Anderson: We're still waiting for first real Cavs-Celtics game

Ty Anderson
January 04, 2018 - 7:43 am

David Butler II/USA Today Sports

Late in the second quarter and up by seven points, an attempted double-team on Kyrie Irving forced No. 11 to dish the ball to Al Horford. Down the lane without much resistance, Horford rose up and dunked right over the Cavaliers’ J.R. Smith.

With a scream and a pound to his own chest, Horford brought the Garden to its feet.

It was the lone exclamation point on a game that lacked sizzle, bite, and any sort of real combative energy between what everybody considers to be the No. 1 and No. 2 teams in the East. (Their order in that power ranking remains beyond subjective.)

It’s my North Station-esque detour way of telling you that this game -- though it counted for just the C’s fourth win in their last 18 against the Cavs -- felt like a letdown in a strange way, and that you couldn’t blame those that vacated the loge before Gino Time.

Even Celtics coach Brad Stevens, who listed some excuses for the opposition in his postgame media session, wanted to do his part to downplay the importance of the win.

I'm not crazy when I say that it just feels that we’re all still waiting for that truly great showdown between these rivals.

But perhaps it’s our own fault for continuing to do this to ourselves.

I think we all went into the opening night showdown with hopes of a Durant-Westbrook kind of confrontation between LeBron James and the player he referred to as just “the kid.” But LeBron is too faux-friendly and borderline corporate for that to happen, and Kyrie is too -- uh, Kyrie -- to let confrontation distract him from basketball.

No biggie. That was just the first of four meetings between these teams. So our attention turned to Wednesday.

This was the game that the polarizing Isaiah Thomas was supposed to be back for. He was supposed to come into the Garden with the swagger you loved for two and a half years, and force you to absolutely hate it and him as he dropped 30-plus on the Celtics. But after making his season debut the night before, and obviously without clearance to play in back-to-back games just yet, Thomas went back to his role as an in-uniform assistant coach/cheerleader for Cleveland head coach Ty Lue’s squad.

Fine. This was at least going to be the game where Irving, who came so close to getting his ‘revenge’ when these teams first met in October, was going to get right back in LeBron’s face and actually make the shot this time around. But despite a season-high nine rebounds, Irving made just five of his 14 shots and totaled 11 points in a 28-minute outing. It was one of his quieter nights as a Celtic, too, which seems bizarrely out of character given the resume he’s already built in just three and a half months as a Celtic. 11-point and nine-rebound nights usually don’t garner “MVP” chants. Ask these guys.

Kevin Love, who had the audacity to complain about not getting calls on a night that saw him shoot a ridiculously garbage 1-for-11 from the field, was beyond horrible. Honestly, he makes me want to thank Rajon Rondo for (probably) slapping a Fenway Frank out of his hand when he allegedly tried to sell Love on Boston a month before he was traded to the Cavaliers. The box score tells me that Dwayne Wade played, but I swear I don’t remember seeing him out there once, and I truly hope we can all stop pretending to care when he signs somewhere new next season. Even James looked every bit like a 33-year-old that’s played the second-most minutes in the NBA this season. Or that all 1,414 of those minutes came in a 273-overtime game the night before, anyway.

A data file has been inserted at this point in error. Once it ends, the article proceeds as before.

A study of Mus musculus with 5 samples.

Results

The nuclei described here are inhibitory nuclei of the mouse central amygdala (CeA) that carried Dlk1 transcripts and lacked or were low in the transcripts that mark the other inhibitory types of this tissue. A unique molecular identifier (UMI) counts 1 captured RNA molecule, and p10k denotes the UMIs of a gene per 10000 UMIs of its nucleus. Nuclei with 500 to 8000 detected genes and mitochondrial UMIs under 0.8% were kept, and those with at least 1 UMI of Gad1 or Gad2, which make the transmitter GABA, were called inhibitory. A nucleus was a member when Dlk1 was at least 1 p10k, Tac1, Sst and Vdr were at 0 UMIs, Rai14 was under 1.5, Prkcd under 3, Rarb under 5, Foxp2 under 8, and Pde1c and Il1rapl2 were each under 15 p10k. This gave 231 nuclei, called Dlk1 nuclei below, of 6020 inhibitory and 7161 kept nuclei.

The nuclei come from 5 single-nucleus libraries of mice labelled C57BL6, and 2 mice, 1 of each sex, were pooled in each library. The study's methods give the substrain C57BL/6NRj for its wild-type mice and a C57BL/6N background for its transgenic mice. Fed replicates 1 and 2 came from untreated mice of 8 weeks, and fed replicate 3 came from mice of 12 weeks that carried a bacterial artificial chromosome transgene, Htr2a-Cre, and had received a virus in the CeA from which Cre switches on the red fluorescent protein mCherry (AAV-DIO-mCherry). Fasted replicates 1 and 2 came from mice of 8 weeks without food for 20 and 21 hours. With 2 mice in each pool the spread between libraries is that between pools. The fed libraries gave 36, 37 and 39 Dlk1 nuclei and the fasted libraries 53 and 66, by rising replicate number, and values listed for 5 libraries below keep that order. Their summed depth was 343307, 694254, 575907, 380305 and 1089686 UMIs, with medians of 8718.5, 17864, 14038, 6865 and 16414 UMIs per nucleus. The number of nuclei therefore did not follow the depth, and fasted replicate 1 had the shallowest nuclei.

And James, who has always seemed to relish opportunities to shine in Boston, was eerily quiet and undoubtedly appeared to revert back to his classic ‘shut it down’ ways, too.

“I don’t know who we are and who we can be until we get I.T. back consistently,” James, whose team is also playing without Iman Shumpert and Derrick Rose, admitted.

The Celtics, for what it’s worth, are not operating at 100 percent either. It’s been moaned about to death, but Gordon Hayward remains unavailable, and barring some Deadpool self-healing abilities, is unlikely to re-emerge as a major factor this season. This is something that the Celtics have largely found a way to ‘manage’ -- they’re 31-10 this year, so what more could you really want? -- but there’s no doubt that Hayward was targeted as the key piece to put the Celtics ahead of the Cavaliers in the East.

This is a season series that’s lacked some of its stars, and the stars that have played have been … well… underwhelming and out-gunned by the likes of Terry Rozier.

So whether this was the second night of a back-to-back or not, and despite a win-loss record confirming they’re still among the NBA elite, the Cavs looked beyond incomplete on Wednesday. Much like how the Celtics, who were an entirely new group and without their projected top scorer, looked like a disjointed mess in the first meeting in October.  

And in turn, these games have seemed incomplete, and almost feel like they don't matter the way they should. 

“It doesn’t,” Lue said when asked if the widening gap between the C’s and Cavaliers, at least in the standings, concerns him. “As long as we make the playoffs we’re fine.”

Lue’s right: Right now, and as last year’s regular season and subsequent playoff results told you, it doesn’t matter.

But it’d be nice if it could feel like it at some point between now and then.